Vomiting is very common, especially early in the post-op course and especially if you eat too much or too fast or the wrong food. Your pouch is teaching you how to eat. However, any vomiting that lasts more than 24 hours MUST be reported to your surgeon. If you can’t keep liquids down you must call your surgeon or go to the Emergency Room because the risk of dehydration is serious. If you have vomited once or twice and can keep liquids down, sip liquids for 6 to 8 hours until your pouch has settled down and then slowly reintroduce solids.
It is common for the skin to be a little red around the staples. If there is widespread redness around the incision, or its hot to the touch, or if you have a fever, or if it is draining odorous and opaque fluid, call the surgeon or go to the Emergency Room.
It is common to have a little pinkish fluid drain from the wound and it is not worrisome. If you have a “large” amount, an ounce or more, you should call your surgeon.
This is fairly common after surgery, especially if you are taking narcotic pain medications. We would recommend milk of magnesia, a tablespoon or two every day, until regular bowel function develops. Other over the counter medications are Senokot tablets and Fleets Enemas. Follow the instructions on the package. If these measures are not effective, call us.
When you are comfortable and want to. Be gentle and careful.
Vigorous swimming should be restricted until about 6-8 weeks after surgery if you had open surgery. After laparoscopy, you may start when comfortable. Soaking in pools and hot tubs is of concern because of the possible contamination of the water and its effect on your incision. For that reason you should wait until your incision is fully healed.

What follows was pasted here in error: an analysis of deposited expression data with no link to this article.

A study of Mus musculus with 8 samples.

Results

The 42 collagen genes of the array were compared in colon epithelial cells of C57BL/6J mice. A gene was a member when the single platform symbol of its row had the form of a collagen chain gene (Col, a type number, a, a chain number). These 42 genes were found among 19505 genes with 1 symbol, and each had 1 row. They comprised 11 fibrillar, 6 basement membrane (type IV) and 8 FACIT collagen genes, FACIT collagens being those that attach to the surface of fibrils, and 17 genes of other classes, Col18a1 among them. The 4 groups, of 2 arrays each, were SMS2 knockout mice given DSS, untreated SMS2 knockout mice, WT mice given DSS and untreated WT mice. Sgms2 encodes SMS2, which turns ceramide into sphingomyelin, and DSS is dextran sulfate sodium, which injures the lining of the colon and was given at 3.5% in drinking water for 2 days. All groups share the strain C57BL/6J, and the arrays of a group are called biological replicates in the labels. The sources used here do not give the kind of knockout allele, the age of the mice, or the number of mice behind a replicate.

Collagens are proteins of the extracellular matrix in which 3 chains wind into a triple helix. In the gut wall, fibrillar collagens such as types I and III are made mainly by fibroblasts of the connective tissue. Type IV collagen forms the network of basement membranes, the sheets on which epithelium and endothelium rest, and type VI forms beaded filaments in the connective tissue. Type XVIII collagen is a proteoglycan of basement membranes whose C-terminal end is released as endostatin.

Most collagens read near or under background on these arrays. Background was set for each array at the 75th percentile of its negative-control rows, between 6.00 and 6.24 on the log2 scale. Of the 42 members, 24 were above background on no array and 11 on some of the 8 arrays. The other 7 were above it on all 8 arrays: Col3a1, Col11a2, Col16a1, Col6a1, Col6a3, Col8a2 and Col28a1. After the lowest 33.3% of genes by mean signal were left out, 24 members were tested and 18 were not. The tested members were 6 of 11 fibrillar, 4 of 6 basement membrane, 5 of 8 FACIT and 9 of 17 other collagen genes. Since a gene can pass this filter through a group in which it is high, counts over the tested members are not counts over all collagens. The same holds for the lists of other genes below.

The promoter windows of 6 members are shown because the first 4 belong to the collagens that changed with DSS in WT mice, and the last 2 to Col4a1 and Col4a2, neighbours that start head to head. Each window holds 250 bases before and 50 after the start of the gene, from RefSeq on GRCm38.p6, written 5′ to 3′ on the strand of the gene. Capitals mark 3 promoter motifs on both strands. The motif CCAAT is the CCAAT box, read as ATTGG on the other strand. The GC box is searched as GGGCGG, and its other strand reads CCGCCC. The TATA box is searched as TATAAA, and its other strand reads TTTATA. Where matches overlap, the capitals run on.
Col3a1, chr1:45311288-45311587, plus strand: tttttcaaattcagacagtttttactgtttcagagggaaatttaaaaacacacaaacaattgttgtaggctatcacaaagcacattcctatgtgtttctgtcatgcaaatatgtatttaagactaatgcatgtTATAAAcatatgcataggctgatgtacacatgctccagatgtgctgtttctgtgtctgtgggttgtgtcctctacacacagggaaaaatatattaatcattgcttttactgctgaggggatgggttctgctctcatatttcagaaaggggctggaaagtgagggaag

When your incision is healing well, with no open areas, and your sutures/staples have been removed, a good soak will feel good. Be careful getting in and out of the tub. If your wound has open areas, wait until your surgeon says it’s OK.
When you are comfortable moving your feet and arms to control the car, you may drive. If you have any drowsiness from any of your medications, do not drive. Please, wear your seat belt. We would rather repair your incision than your face.
I feel sick to my tiny stomach. Nausea may be common after gastric bypass, especially if you eat too fast or too much. That is part of the training your pouch is giving you. However, sometimes pain medications and other medications may also cause this. If your nausea persists or causes vomiting, call us.
If diarrhea lasts longer than 24 hours. Please call us. You will still be susceptible to the various “flu” bugs that everyone else gets, but they shouldn’t last more than 24 hours.
Usually, that is part of your eating education. You may find some foods that don’t “settle” well. Frequently this is some type of meat. If this occurs, especially if it causes vomiting, back off to liquids for 12-24 hours, then start your diet again. It’s very common to have one type of food, for instance chicken, be very upsetting, yet the next time you try it, it will go well. Some foods that you don’t tolerate early in your recovery, may work well in a few months as your pouch matures.
Small gaps, the size of a fingernail may open up. Usually we do nothing about that except to keep some gauze over it. If it is more than that or keeps getting larger, call us.
Usually they start falling off after a week. When they start curling up, or a week has passed, you may start pulling them off.
Slowly. The antiseptic paint we use is a disgusting green color that doesn’t always come off with soap and water. Usually after a week or so, it will be wearing off.
That’s part of the normal healing process. Unless you are getting a lot of redness extending out from the incision and increasing pain, the ridge like swelling will slowly go down, but it takes may weeks.
Any fever can be treated with acetominophen (Tylenol). Usually two regular strength tablets (325 mg. each) will be effective for fever relief. Of course, if a fever persists more than 12 hours or is accompanied by other symptoms, you should call us.
Ibuprofen (Motrin, Advil, etc.) and Aleve (naproxen) can be very irritating to a newly constructed pouch and may cause ulcers. We prefer that you do not take this class of medications unless you check with us.